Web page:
First seven seat RX450hL adds extra practicality and desirability to Lexus’ popular RX range.
The Lexus RX range has long been one of Lexus’ strongest selling model line-ups and for good reason: it’s beautifully made, is offered in a number of trim levels and drivetrains, including the potent RX450h hybrid and draped in all the luxury and prestige discerning buyers in this market segment could want.
However, up until now, the only Lexus offered with three rows of seats was the hulking LX570. Which is a size above the RX, and may be too large or costly for some customers. Enter the Lexus RX long wheelbase, or more specifically, the RX450hL as tested here.
The long wheelbase is an important car for Lexus, and finally gives it a rival to the likes of the Audi Q7, Mercedes-Benz GLS, BMW X5 and the venerable and brilliant Volvo XC90.
A number of long wheelbase RX variants are offered: the range starts with the RX350L Luxury which is priced from $84,329 and extends all the way to the RX450hL Sports Luxury as tested, which is priced from $110,240 plus on roads.
The RX450hL is powered by the same hybrid drivetrain as the standard RX450h, which consists of an excellent 3.5 litre petrol V6 which produces 193kW @ 6000rpm and 335Nm @ 4600rpm and is mated to an electric motor. A Continuously Variable Transmission (CVT) helps shift power around to all four wheels.
Standard equipment on the Sports Luxury version is fairly comprehensive and includes: a 360 degree camera system, a re-collision system with pedestrian detection, lane keep assist, adaptive cruise, blind spot monitoring, lane keep assist, a wealth of airbags, satellite navigation, an excellent Mark Levinson stereo, seven leather seats with heating and cooling up front and much more. Being a Lexus, the only option is metallic paint, which will set you back $1500.
Performance from that hybrid drivetrain is strong, the petrol engine/electric motor duo feel muscular but not overly sporty. That’s largely due to the whining CVT transmission, but, flick it into Sport + mode and the RX450hL will feel more than quick enough in a straight line. There’s a nice induction roar from that V6, too.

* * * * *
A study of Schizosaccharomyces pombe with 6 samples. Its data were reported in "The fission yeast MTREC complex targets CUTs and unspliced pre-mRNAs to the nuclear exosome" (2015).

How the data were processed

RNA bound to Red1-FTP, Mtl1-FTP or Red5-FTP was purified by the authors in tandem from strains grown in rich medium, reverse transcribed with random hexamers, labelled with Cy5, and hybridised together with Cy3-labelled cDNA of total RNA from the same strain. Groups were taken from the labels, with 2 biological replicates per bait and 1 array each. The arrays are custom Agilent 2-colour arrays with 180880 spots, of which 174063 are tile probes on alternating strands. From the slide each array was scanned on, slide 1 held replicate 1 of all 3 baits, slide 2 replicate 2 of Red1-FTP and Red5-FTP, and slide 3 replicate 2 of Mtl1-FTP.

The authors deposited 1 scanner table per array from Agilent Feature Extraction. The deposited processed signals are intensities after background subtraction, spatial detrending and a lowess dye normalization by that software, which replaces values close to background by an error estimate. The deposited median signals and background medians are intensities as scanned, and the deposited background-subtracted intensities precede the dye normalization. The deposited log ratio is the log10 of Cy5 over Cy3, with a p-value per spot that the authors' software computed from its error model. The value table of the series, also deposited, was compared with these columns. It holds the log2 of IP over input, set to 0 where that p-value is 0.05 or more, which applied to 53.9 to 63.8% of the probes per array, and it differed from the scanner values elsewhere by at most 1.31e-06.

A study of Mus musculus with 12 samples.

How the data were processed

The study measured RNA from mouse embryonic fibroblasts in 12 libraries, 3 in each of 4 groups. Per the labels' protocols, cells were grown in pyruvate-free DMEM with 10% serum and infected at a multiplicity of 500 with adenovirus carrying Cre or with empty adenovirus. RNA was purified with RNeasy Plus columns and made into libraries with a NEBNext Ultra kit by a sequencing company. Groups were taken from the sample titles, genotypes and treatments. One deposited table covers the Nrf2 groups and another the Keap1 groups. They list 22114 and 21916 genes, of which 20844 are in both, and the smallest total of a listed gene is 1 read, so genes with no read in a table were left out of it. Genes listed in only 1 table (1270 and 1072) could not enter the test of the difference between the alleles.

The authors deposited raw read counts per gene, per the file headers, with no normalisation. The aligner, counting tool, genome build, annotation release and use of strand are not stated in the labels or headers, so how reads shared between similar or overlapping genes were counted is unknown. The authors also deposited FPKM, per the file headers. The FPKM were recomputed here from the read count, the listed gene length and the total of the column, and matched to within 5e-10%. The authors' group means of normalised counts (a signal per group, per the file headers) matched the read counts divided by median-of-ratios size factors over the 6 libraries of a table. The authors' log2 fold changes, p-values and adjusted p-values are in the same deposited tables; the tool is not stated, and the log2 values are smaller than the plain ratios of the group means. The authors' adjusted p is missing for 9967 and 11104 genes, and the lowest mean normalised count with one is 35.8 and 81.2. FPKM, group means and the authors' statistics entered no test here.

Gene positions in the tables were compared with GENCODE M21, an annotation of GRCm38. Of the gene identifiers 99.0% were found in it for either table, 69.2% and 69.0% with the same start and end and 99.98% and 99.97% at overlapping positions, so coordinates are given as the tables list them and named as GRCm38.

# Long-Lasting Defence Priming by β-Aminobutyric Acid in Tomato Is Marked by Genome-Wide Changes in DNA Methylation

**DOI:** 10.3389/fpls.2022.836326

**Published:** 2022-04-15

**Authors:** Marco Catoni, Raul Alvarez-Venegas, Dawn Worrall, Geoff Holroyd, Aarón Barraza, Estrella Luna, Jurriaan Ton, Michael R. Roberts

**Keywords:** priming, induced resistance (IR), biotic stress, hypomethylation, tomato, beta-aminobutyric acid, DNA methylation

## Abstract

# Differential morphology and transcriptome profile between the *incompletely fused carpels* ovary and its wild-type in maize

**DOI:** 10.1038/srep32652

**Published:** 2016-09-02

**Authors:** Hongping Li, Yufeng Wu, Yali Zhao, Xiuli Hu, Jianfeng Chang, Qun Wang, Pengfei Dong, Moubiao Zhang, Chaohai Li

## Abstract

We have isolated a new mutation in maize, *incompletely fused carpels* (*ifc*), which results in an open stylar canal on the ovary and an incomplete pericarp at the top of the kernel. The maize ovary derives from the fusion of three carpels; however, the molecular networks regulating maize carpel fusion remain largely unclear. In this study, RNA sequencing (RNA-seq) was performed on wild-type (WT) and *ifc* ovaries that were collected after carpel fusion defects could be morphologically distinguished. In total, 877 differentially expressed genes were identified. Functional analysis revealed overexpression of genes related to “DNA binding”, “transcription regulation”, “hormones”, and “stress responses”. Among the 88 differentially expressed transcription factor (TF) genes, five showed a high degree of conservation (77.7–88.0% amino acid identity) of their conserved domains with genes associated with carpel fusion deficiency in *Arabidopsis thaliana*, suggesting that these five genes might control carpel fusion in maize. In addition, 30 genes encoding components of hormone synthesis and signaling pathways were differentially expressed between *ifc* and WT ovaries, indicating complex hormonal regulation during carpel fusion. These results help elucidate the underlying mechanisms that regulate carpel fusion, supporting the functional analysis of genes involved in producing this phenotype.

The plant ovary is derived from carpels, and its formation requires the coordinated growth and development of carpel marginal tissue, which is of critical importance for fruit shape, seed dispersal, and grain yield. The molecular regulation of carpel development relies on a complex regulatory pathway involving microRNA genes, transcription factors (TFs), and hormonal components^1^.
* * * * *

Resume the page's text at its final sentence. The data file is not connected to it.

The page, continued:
Combined fuel consumption isn’t bad either, during out test week we averaged around 9.5 litres per 100 kilometres.
It’s a similar story when it comes to handling – the ride is plush and excellent – the RX450hL feels big and heavy, without being cumbersome and intimidating. It is pleasant enough, just don’t approach this as a sporty SUV. If you want a hybrid seven seat SUV that feels properly rapid and a little lighter on its feet, may we suggest the Volvo XC90 T8.
Now, for a big part of this car’s appeal – the interior. The majority of the long wheelbase RX’s interior is shared with its five seat rivals: comfortable seats, attractive interior architecture, outstanding fit and finish and a true sense of luxury.
In the L, however, things get interesting beyond the second row of seats. The second row of seats tumble forward very easily to allow for seamless access to the third row. While not as well-padded as the first and second rows, they soft and supportive and third row passengers have their own climate control vents.
Rear most leg and headroom is snug, and probably best suited to children or adults on short trips. The RX450hL scores points for affording ample luggage space when all seats are in place – a feature not found on many seven seats SUVs – and they fold flat when not needed.
Stylistically, the long wheelbase RX is well proportioned too, and it takes more than a couple of glances to distinguish the seven seat version from its smaller brother.
Practical, capable and plush, the seven seat Lexus RX450hL is worth a look for those who seek prestige and space.